Delta SkyMiles devaluations continue


SkyMiles are notoriously difficult to redeem at the “saver” level as it is. Sure, you can spend 360,000 miles for a roundtrip ticket to Europe in business class, but you could spend less than half that on American/Oneworld or United/Star Alliance. I don’t have a scientific study to back me up on this, but I do spend a lot of time helping clients redeem their frequent flyer miles for the best value, and finding saver level awards on Delta is usually a challenge.

After adding minimum spending requirements for elite status and drastically reducing how many miles most SkyMiles members earn for tickets, the airline is now planning to raise the number of miles needed for a ticket based on, “destination, demand and other considerations.” How’s that for a nebulous set of criteria? This change will go into effect for award travel starting June 1, 2016.

What Delta is effectively saying is that they will charge whatever they think they can get away with for an award ticket. And other than switching your loyalty, there’s nothing you can do about it.

Delta’s ultimate goal is to cap the value of their miles at two cents or less each. Savvy travelers know that it’s possible to redeem miles for up to 10 or 12 cents each in many programs. Delta looks at your loyalty as a cost, and wants to reduce that, even if they anger you in the process. They have already fixed the earning side of the equation by switching mileage earning from distance-based to spending-based, a change that negatively affected most SkyMiles members. Their target now is the redemption side. Their ultimate destination is a program like JetBlue, Southwest and Virgin America, where the value of points is fixed. The number of miles needed to redeem for a ticket will tie directly to the ticket’s cash cost. For instance:

Under the SkyMiles program as it is today, a roundtrip saver award ticket from Atlanta to London in business class (if you can find one) costs 125,000 miles. Over the same January dates I checked, prices on Delta are about $4,200, or 3.4 cents per mile in value. At a fixed rate of two cents per mile, that same ticket would cost you 210,000 miles, an increase of 85,000 miles.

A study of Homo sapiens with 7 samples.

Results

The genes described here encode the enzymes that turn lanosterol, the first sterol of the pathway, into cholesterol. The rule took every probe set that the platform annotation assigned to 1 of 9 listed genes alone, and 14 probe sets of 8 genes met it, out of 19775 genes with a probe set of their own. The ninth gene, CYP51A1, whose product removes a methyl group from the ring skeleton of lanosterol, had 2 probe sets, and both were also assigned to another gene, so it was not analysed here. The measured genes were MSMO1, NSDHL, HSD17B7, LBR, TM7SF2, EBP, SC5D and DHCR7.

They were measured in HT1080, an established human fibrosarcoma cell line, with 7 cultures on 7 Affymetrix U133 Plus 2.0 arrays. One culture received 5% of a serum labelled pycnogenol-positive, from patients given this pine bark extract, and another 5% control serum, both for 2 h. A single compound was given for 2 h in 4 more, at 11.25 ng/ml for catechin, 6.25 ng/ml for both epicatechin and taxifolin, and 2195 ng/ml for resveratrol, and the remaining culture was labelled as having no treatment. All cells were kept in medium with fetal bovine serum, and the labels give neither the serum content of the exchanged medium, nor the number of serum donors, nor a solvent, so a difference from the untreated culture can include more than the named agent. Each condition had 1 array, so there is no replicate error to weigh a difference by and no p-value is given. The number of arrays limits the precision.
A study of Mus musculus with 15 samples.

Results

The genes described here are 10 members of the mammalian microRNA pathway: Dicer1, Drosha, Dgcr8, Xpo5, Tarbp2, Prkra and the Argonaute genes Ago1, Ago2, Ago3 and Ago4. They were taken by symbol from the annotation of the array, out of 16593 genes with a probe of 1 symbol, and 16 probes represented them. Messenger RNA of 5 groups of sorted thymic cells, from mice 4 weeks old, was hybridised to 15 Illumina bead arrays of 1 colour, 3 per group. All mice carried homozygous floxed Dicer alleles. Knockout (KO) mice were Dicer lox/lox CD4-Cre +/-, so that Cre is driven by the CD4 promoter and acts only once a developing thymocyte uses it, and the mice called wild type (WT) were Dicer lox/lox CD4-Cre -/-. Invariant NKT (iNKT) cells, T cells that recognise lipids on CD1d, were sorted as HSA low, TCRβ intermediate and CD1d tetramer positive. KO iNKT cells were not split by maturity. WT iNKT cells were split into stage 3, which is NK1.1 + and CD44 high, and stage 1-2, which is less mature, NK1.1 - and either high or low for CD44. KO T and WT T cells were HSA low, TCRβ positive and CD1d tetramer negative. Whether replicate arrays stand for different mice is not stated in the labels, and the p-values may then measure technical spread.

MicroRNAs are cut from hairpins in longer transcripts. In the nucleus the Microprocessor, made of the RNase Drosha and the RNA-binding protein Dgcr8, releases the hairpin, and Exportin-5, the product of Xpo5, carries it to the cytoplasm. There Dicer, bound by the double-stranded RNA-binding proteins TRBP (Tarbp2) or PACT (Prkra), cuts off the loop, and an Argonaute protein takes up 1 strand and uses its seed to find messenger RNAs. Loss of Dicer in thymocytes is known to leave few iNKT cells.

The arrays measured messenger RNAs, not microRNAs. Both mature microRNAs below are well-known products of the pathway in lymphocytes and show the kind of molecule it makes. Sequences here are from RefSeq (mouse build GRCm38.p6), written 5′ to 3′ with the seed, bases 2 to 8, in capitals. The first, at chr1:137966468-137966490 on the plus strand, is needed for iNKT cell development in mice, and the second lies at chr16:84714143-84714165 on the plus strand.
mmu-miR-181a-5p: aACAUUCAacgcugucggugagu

DL

This is the direction Delta appears to be headed. Effectively they are already there by tightly controlling the availability of saver awards, pushing travelers instead to their middle tier awards, which provide just about two cents per mile in value. But eventually they will shut out even us determined travelers who know the best ways to maximize SkyMiles despite Delta’s restrictions.

One more prediction: United will copy this policy shortly. They have followed every major frequent flyer program change Delta has made in the last few years, even adding a few of their own.

Of the Big Three, American looks to be the only sane place to commit your loyalty at the moment. I’ll reserve further judgment until I see what their 2016 AAdvantage program looks like.

In the meantime, caveat emptor.



    • Wow, I’m so sorry to hear that, Kirsten! I totally understand that travel plans are often dictated by issues other than loyalty programs. And my perspective is different than many because I’m Executive Platinum with AA, meaning (generally) better service when things go poorly. Next time we cross paths I want to hear your AA horror stories!